Black Sun Empire

Black Sun Empire


Micha Heyboer is relaxing in his hotel room ahead of the night’s gig in Auckland. He’s nearing the end of the album tour, which has seen him traverse the globe to perform to sweaty, packed out rooms, taking in 80-dates since the LP was released in September last year. He’s temporarily parted ways with his usual partners in crime, brother Milan Heyboer and lifelong friend Rene Verdult after their appearance at last weekend’s Miami Ultra Music Festival where they played alongside Dieselboy, Matrix & Futurebound and Concord Dawn. “Milan and Rene have kids now, so I often do the shows solo,” he explains with distinct Norwegian enunciation. “We never really played the three of us. It was always just back to back and the other guy would drink beer,” he laughs. “Three men behind the decks is just too much. It’s the same way we play now. It’s mostly just one of us or you play back to back and after a few months you notice we play the same tunes, only in a different order, because we have the same tastes.”

From The Shadows has been blitzing it across the charts, making it into Beatport’s top five best selling albums for 2012, across all genres. This most recent offering has seen the trio returning to drum and bass after a foray into dubstep and mixed tempos with their last LP, Lights And Wires. “It’s pretty unexpected,” Heyboer says of the new album’s success. “I think it was maybe the right time for a pure drum and bass album after the whole dubstep thing and of course, the insane amount of collaborations we did.”

Along with a collaboration with fellow Dutch lords of darkness Noisia and Virus Recording’s Audio, the LP features collabs with New Zealand neuro-rollers State of Mind and Bulletproof. BSE have also headed into new uncharted territory with a vocal number with UK hip hop outfit Foreign Beggars and another with vocalist Inne Eysermans, which comes close to being a ballad.

“We are basically always collaborating, working as the three of us,” Heyboer says of the amount of group projects on the LP. “We’re kind of used to it and it’s nice to see how other people work and get inspiration from that, change things up and make friends… or enemies,” he laughs. “We have a lot of new fans. Young kids who are able to sing along to some of the songs, which is cool because we haven’t really done any vocal tunes before.”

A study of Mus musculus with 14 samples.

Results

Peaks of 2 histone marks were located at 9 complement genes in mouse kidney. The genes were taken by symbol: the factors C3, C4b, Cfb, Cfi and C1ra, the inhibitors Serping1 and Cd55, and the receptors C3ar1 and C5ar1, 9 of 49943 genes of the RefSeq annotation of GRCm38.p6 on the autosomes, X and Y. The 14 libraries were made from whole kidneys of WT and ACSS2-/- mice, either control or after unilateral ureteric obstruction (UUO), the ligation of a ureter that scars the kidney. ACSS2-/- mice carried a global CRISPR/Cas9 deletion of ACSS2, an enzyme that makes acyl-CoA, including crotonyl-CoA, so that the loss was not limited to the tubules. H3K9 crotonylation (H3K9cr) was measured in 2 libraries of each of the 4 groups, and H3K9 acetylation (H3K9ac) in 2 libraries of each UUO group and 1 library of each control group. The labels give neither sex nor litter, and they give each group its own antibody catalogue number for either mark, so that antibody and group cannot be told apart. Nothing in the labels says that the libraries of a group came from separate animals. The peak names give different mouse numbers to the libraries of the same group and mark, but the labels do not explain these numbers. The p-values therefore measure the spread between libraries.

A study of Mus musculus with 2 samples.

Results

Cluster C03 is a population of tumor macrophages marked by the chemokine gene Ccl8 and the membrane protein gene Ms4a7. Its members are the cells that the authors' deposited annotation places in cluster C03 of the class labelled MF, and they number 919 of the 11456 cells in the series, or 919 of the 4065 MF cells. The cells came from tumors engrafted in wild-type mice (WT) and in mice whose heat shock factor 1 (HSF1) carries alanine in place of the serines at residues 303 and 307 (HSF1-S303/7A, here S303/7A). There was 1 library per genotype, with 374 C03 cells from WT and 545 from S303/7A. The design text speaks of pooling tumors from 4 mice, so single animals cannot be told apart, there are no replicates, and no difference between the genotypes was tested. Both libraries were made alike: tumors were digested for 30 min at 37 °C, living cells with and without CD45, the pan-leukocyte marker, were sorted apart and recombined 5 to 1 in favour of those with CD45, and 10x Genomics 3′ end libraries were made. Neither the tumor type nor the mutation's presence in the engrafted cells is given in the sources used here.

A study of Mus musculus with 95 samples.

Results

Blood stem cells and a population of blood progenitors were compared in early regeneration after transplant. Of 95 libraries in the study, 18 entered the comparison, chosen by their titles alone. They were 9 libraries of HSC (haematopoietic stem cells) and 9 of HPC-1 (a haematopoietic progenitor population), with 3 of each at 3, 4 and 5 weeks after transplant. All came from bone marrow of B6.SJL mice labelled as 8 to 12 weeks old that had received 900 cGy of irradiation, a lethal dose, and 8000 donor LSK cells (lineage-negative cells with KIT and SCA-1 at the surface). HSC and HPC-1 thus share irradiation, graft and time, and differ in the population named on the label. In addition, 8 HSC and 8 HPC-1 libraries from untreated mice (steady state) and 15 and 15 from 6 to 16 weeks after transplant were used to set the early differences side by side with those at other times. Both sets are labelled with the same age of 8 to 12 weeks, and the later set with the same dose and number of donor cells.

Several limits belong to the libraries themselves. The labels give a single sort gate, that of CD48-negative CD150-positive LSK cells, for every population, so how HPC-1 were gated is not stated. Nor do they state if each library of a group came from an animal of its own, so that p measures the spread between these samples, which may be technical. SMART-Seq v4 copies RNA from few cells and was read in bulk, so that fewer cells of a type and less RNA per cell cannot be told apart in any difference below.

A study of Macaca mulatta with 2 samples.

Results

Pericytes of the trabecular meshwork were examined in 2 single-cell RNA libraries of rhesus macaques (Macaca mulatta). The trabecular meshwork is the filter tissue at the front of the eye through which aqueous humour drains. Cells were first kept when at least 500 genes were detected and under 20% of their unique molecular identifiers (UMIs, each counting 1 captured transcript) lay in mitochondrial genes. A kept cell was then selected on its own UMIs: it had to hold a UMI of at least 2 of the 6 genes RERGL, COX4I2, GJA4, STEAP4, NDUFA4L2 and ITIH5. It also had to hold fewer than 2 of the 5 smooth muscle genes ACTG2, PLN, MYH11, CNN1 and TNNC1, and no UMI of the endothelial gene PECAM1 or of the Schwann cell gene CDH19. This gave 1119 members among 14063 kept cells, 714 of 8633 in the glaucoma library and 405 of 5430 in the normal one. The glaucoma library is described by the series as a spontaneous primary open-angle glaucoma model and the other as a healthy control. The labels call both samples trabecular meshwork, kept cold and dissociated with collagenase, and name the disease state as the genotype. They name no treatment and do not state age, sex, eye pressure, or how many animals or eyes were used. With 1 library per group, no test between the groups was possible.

Following the success of From The Shadows, a remix EP of the album has this week been released with six re-workings from producers Memtrix, Telekinesis, Prolix, Icicle, Receptor and June Miller. Heyboer says having the freedom of owning their own label, Black Sun Recordings, has allowed BSE complete creative control.

“We started the label because we’re all pretty stubborn and you already have to make a lot of concessions when you’re working with three people. With the first releases we had out on other people’s labels there was always a struggle to get it out in the time you wanted, with things like artwork.

“Maybe we were young and naive but we decided to do it all ourselves. We do the artwork ourselves, we do everything ourselves. We really enjoy doing that and maybe we could have been a lot bigger if we’d gone on other labels but we’ve developed a good fan base. If we’d gone with a bigger label, they may have directed us to make different music and maybe we would have had a different career but I guess, we would never have listened to it…” he laughs.

Along with a plan to launch a new imprint called Black Out to focus more on pushing other artist’s work, Heyboer has embarked on a new solo spin-off project entitled Tinlicker. Surprisingly, Tinlicker’s sound is deeply introspective, broaching melodic house and techno, without a hint of BSE’s frenetic darkness.

“We always made all kinds of electronic music and we’ve been doing drum and bass for so long, the urge was gone for a long time, but the urge slowly came back to do other forms of music,” says Heyboer. “Two years ago I started making a lot of four to the floor music and made a lot of tracks and eventually I had 30. And I thought, ‘Maybe I should do something with it’. It gave me such a lot of joy that I re-found my love for drum’n’bass, which had never really gone. But you have to keep challenging yourself. Right now I really enjoy making both forms of music.”